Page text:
Nearly 5,000 Same-Sex Civil Unions in First Year
DuPage County has issued 264 licenses; Cook County, 2,504. At the first anniversary of same-sex civil unions in Illinois, the state faces two lawsuits pushing same-sex marriage and a federal court finds the Defense of Marriage Act unconstitutional.
As the gay and lesbian community in Illinois celebrates the first anniversary of a state law that allows civil unions, two lawsuits filed in Illinois challenge another state law that does not allow same-sex marriage.
And, a federal court in Boston has ruled that the 1996 federal marriage ban—the Defense of Marriage Act (DOMA)—violated the equal protection rights of several gay employees of the state of California.
Nearly 5,000 couples have entered into civil unions since the Illinois Religious Freedom Protection and Civil Union Act went into effect June 1, 2011. The law, signed by Gov. Pat Quinn Jan. 31, 2011, allows “A party to a civil union is entitled to the same legal obligations, responsibilities, protections, and benefits as are afforded or recognized by the law of Illinois to spouses …”.
Many of the licenses were issued in the first two months of the new law.
From June 1, 2011 to April 30, 2012 a total of 142 were issued in Kane County; 48 in June 2011 and 30 in July 2011, equaling 78 or 55 percent.
DuPage County issued 264 licenses through May 30, 2012; 83 in June and 28 in July of last year equaling 111 or 42 percent.
In Cook County, 2,504 licenses were issued through May 31, 2012; 1,096 or nearly 44 percent in the first two months after the law went into effect.
Licenses Issued in First Year of Civil Unions Law
*This total does not include numbers for May 2012 for all counties that issued licenses.
Defense of Marriage Act
In 1996, President Bill Clinton signed DOMA, which banned federal recognition of same-sex marriage and defining marriage as “a legal union between one man and one woman as husband and wife.”
That law was found unconstitutional May 30.
In a unanimous decision, the three-judge panel of the 1st U.S. Circuit Court of Appeals in Boston said DOMA deprives gay couples of the rights and privileges granted to heterosexual couples.
An appeal seems inevitable, meaning the case would go to the U.S. Supreme Court.
Under the law, no state is required to recognize a same-sex marriage performed in another state. However, the appeals court ruling did not address that aspect of DOMA. It also didn’t address whether gay couples have a constitutional right to marry, according to Patch.com.
The gay rights group Lambda Legal and the American Civil Liberties Union filed May 30 twin freedom-to-marry suits in Illinois state court.
With uncertainty about a gay marriage bill moving through Springfield any time soon — the House bill introduced this year was pulled midway through the session — advocates are opening up a new path, WGN Radio reported.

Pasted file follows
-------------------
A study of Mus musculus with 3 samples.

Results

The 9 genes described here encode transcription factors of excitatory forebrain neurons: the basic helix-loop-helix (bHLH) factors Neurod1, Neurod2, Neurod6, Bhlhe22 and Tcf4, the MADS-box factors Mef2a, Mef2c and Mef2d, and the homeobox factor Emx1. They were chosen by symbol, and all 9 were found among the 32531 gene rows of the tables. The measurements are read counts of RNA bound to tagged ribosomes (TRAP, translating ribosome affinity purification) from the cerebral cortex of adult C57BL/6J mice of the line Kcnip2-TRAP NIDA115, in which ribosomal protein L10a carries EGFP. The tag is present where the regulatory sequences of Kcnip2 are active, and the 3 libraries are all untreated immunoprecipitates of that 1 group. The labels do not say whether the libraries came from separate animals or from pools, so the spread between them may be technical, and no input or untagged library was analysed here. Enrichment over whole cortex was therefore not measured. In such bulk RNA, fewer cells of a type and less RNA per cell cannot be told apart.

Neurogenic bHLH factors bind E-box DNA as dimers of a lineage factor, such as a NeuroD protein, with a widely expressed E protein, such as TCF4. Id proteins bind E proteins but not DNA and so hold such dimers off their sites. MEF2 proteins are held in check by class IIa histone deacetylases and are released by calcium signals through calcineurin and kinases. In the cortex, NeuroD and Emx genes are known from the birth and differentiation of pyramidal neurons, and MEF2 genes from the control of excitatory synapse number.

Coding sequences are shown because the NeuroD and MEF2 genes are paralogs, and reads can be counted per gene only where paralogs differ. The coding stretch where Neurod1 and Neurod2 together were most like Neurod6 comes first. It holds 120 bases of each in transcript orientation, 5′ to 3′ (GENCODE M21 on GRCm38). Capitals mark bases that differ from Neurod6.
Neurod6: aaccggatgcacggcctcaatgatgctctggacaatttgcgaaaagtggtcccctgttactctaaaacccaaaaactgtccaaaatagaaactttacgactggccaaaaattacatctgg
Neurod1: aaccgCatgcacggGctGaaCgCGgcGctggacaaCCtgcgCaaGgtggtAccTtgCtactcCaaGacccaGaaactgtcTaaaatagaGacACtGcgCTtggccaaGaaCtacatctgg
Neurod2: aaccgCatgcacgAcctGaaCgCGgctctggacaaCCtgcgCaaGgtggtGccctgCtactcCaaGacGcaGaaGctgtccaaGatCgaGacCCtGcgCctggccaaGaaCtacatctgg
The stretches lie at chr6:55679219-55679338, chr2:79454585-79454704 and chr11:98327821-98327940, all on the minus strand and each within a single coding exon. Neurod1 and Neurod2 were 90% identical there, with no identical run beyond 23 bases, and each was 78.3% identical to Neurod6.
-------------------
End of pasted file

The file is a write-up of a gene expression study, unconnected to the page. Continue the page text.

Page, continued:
The Lambda Legal and the American Civil Liberties Union of Illinois each filed a lawsuit against the clerk of Cook County, claiming that not issuing marriage licenses to gay and lesbian couples violates the equal protection and due process clauses of the Illinois Constitution.
Activists say they will continue to press lawmakers to legalize same-sex marriage. But these lawsuits mean that the judicial system, and possibly the Illinois Supreme Court, will play a role as well.
"We always thought this was something that had to happen," said ACLU attorney John Knight, as quoted by WGN Radio. "We think it's time to try in the courts, and we're optimistic about our chances."
Cook County Clerk David Orr's office issued a statement from the clerk, who was out of the country at the time: "The time is long past due for the state of Illinois to allow county clerks to issue marriage license to couples who want to make their commitment. I hope these lawsuits are the last hurdle to achieving equal marriage rights for all."
Peter Breen, executive director and legal counsel of the Chicago-based Thomas More Society, which opposes gay marriage, said he would expect the state's attorney and the attorney general's office to "defend the constitutionality of state laws."
"We would expect them to forcefully defend the state's marriage law," Breen said. "We will provide whatever assistance we can to help them in that defense."
Robert Gilligan, executive director of the Catholic Conference of Illinois, said the lawsuits show that the gay rights advocates who fought for civil unions never intended to be content with that law.
Because the governor has voiced his support for same-sex marriage, it's unclear whether the state will fight the lawsuit.
CNN has complied a historical timeline listing of the progress of the fight for same-sex marriage and civil unions. Same-sex marriage is legal in the District of Columbia and six states: Massachusetts, Connecticut, Vermont, Iowa, New Hampshire and New York. In addition to Illinois, civil unions are legal in New Jersey, Delaware, Rhode Island and Hawaii.
Many states have constitutional language defining marriage as heterosexual and statutes banning same-sex marriage.
Argentina, Brazil, Canada, and Western European countries also have laws allowing same-sex marriage and domestic partnerships.
The timeline starts with the 1996 Defense of Marriage Act.